I had a colonoscopy Thursday,” she said. She rocked rhythmically in her chair, a family heirloom. “They found a mass. It’s about the size of a tennis ball, and it’s probably malignant.”
We traveled to PEI together in 2003. Magic.
She looked around at the four of us, and she rocked and rocked. “I’m going in for a CAT scan. They want to make sure it hasn’t metastasized to my liver.”
We spent a weekend together in Bar Harbor in 2004.
“I’ll have to have chemo and radiation.” She touched a hand to her head. “When I start losing my hair, I’m just going to shave it off,” she said with a measure of defiance. “I heard it grows back thicker.”
We had a professional photographer take our picture in 2007.
“I’m going to keep working,” she announced decisively. “I’ve already told them at work, and they said I should do whatever I need to do.”
We celebrated Linda – our Retirement Queen – in 2009.
“I haven’t cried yet,” she confessed, her voice breaking as she tucked her chin towards her chest.
“Now would be a good time,” I commented. Salty paths already traced my cheeks.
We enjoyed lunch at Pickety Place in 2010.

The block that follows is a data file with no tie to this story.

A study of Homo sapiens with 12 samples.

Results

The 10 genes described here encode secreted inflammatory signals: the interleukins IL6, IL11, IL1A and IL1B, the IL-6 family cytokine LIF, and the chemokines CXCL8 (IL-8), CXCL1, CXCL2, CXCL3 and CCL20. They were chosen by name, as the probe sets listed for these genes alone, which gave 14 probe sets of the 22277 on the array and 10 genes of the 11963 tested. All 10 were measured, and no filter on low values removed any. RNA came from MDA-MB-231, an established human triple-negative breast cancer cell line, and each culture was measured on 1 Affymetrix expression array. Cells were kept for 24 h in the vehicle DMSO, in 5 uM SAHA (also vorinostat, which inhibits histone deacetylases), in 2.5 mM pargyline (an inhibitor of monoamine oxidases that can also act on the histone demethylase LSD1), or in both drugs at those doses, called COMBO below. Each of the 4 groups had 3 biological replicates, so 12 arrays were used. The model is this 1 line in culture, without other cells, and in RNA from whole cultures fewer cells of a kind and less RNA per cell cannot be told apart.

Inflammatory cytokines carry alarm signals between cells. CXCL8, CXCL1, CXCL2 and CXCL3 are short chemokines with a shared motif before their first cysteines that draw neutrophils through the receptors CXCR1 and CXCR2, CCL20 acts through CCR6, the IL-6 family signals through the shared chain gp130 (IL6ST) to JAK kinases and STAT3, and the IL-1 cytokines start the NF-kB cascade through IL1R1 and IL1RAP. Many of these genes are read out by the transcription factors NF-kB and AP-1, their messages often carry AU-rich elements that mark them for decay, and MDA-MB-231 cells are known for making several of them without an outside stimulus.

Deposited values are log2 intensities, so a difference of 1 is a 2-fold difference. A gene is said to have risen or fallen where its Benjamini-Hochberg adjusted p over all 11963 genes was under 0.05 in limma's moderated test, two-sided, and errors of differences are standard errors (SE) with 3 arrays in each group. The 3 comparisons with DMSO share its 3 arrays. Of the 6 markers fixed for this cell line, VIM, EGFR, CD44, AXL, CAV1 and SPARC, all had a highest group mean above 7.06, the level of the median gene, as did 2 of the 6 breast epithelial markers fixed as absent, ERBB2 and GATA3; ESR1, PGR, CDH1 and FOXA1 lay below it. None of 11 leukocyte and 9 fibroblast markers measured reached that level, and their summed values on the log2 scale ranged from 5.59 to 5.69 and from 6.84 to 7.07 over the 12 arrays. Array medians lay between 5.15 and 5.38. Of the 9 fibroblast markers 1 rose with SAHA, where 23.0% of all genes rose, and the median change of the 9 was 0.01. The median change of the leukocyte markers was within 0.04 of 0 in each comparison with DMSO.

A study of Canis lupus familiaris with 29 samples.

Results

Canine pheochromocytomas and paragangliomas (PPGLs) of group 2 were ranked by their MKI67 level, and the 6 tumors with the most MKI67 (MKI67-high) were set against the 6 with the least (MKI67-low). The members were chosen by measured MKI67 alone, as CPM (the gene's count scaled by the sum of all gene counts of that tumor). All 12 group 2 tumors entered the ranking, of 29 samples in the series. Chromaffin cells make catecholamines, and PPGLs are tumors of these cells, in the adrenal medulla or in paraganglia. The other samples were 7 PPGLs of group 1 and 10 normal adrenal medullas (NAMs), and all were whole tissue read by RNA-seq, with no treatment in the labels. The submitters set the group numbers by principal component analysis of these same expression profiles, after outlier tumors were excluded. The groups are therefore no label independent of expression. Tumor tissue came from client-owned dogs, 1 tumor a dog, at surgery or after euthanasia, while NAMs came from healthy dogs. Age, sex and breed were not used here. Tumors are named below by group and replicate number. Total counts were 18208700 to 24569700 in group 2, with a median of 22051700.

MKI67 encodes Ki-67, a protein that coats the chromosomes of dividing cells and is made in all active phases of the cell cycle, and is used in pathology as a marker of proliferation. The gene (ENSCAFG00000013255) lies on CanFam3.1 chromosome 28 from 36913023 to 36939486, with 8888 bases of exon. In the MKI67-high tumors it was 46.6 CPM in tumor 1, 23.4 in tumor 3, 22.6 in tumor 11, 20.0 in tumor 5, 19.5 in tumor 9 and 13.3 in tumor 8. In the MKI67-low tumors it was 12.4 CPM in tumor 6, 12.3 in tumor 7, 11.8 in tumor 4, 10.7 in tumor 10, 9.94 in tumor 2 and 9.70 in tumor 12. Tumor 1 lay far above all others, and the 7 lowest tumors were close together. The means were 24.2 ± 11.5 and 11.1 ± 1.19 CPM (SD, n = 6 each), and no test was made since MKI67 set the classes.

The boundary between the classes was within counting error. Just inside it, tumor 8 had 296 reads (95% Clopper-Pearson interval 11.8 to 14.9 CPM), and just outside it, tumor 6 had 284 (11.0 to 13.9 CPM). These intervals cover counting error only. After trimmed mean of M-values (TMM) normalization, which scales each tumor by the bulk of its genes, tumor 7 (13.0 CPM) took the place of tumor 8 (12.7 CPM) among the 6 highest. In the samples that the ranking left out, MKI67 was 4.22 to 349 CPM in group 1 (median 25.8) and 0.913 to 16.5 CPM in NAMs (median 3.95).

“While we’re all together,” another agreed.
We formed a circle in her kitchen, boob to boob and womb to womb. Our arms interlaced tightly; our faces uncharacteristically sober.
We replicated our 2003 circle of feet in the sand in June of this year.
“We love you,” I said.
We exchanged kisses; twenty kisses in all around the circle. We were chuckling by the time we finished. Exchanging kisses within a linked circle of five women can be awkward. And funny.
“Christmas Ya-Ya next!” The declaration was met with enthusiastic agreement. A date was set.
“Text us Wednesday when you know.” The new reality crept back in.
“I will. Drive safe. Love ya!”
Fact: One of my Ya-Yas has cancer. We are supporting her to be a survivor, and will treat her with as much humor, “Amazing Grace,” prayers, Reiki, wine and love as it takes to make her survival a fact. Prayers, she tells me, are welcome.
P.S. Ya-Ya Linda passed on March 2, 2015, from complications resulting from this initial diagnosis. She is deeply, deeply missed.